Monday, October 17, 2016

Beware The New York Times! (No Joke)

Last night my husband and I were transfixed by a gripping 2004 documentary on Netflix called The Witness, which deals with the 1964 true crime story of Kitty Genovese, a 28-year-old bar manager in the affluent Queens, New York neighborhood of Kew Gardens. She often worked until two or three in the morning. One night she returned home, parked her car in her usual spot in front of her apartment building, and was raped and stabbed to death by a man whose stated motive was that he was "looking for a girl to kill" that night. The reason it stayed in the headlines, turning Kitty's 15 minutes of fame into 50 years, was a front-page story in the New York Times claiming that 38 of her neighbors had witnessed the ongoing crime for a full half-hour, gaping out of their nearby apartment windows as if they were watching a play down below, and not one of them did a thing to stop it.

Kitty Genovese: A household name overnight.
I was 18 years old at the time, living just twenty minutes from the crime scene and about to go off to college. The story blew my already fragile nervous system to smithereens and added to my inherent distrust of just about anyone and everyone. Fortunately, owing to the callousness of youth I forgot about it soon enough, still I always believed the premise that nobody gives a damn about you unless they are family, and sometimes not even then.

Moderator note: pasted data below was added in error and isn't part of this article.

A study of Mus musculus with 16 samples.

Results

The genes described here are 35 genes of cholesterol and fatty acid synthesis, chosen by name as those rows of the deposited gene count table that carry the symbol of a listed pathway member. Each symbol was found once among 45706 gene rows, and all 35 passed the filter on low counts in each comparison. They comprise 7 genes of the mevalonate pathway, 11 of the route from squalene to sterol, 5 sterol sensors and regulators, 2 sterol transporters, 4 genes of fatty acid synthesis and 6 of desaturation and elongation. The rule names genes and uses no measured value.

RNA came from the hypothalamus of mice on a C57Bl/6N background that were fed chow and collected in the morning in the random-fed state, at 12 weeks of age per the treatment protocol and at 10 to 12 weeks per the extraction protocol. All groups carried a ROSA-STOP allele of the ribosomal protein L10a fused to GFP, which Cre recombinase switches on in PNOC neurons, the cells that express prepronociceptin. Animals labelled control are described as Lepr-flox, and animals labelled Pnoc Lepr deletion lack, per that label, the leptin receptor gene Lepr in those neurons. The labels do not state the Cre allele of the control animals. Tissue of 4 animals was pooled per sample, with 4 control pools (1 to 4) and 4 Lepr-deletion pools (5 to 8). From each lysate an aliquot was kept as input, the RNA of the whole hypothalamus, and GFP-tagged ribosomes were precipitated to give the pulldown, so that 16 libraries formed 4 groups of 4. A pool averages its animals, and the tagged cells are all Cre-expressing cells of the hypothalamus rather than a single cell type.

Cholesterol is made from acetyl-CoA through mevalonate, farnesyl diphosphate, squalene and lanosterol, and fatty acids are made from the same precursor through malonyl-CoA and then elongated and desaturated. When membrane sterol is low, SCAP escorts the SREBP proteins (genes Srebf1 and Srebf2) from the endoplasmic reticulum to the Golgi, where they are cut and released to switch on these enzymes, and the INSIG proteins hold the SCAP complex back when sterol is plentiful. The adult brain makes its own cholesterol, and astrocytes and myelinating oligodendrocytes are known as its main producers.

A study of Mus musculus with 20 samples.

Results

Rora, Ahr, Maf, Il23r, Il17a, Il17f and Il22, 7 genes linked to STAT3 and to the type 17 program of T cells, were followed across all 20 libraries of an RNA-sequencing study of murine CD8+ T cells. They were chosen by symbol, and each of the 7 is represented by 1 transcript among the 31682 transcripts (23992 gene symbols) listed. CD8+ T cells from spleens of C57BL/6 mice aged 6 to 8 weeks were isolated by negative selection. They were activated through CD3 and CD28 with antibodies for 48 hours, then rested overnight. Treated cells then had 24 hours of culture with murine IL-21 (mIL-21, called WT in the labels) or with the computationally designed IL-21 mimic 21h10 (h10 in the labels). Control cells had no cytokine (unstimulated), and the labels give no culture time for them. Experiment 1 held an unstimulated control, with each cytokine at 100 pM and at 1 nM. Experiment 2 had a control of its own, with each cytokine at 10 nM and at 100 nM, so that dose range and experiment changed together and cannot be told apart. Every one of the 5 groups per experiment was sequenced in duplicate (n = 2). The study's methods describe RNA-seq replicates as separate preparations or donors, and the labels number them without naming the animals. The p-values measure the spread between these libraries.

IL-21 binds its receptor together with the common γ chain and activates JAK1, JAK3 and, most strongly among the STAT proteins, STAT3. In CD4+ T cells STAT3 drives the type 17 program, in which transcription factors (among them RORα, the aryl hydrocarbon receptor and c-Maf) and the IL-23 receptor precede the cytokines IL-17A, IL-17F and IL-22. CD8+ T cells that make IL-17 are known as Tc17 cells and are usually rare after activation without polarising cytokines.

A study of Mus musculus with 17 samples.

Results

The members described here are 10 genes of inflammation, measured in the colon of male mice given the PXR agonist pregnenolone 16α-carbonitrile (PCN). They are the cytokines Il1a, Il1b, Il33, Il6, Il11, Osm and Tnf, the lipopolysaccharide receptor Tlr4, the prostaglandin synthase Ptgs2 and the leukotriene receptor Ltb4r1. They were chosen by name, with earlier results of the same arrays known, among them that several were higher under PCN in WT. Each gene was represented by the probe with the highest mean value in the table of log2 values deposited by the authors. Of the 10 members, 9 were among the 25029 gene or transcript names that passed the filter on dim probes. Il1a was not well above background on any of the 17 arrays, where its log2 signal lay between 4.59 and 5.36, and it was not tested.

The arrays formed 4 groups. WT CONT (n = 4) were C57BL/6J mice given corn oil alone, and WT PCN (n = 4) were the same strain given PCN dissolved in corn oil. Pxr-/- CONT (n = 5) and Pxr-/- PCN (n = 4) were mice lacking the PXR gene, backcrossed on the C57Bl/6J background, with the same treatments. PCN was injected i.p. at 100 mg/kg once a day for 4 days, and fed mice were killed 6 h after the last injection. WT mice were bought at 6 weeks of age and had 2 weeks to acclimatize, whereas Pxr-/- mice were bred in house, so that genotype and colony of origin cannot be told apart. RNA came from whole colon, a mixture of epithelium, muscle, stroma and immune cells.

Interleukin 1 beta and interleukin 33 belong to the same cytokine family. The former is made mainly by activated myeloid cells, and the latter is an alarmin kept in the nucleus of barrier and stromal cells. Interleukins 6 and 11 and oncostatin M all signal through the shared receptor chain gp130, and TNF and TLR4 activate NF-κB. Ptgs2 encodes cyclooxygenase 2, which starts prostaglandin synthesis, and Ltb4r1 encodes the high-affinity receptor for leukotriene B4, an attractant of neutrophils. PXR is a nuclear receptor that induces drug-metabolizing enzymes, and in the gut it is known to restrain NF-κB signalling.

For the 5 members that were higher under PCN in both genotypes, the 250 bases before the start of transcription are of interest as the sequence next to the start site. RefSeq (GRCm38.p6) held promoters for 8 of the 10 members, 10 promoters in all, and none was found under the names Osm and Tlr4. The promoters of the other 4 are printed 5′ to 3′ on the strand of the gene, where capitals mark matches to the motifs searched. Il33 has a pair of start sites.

So I was further blown away by this movie, which explains in detail through the obsessive detective work of Kitty's surviving younger brother, William Genovese, that not all was as reported by the newspapers and in the many, many TV specials and a couple of books devoted to the murder. It turns out that nobody watched it happen, but some people were awakened by screams. Several of them did call the police. One man yelled out his window and the assailant ran off, only to return soon after to finish the deed. Another woman, a close friend of Kitty's, ran downstairs to her aid, but it was too late. Kitty died in her friend's arms.

We learn from interviews William conducts with several of the editors who worked at the Times back then, as well as a leading TV news anchor of the day, that the story was more compelling -- meaning sold more papers -- when it was "tweaked" a bit. (You know, like all that stuff about Donald Trump sexually assaulting women.) It's a great movie, by the way, with an always-interesting look at life in a simpler time and a harrowing audio reenactment of the crime you will not soon forget. In the not-dying-in-vain department, Kitty's death was the catalyst for the 911 Emergency System we have today.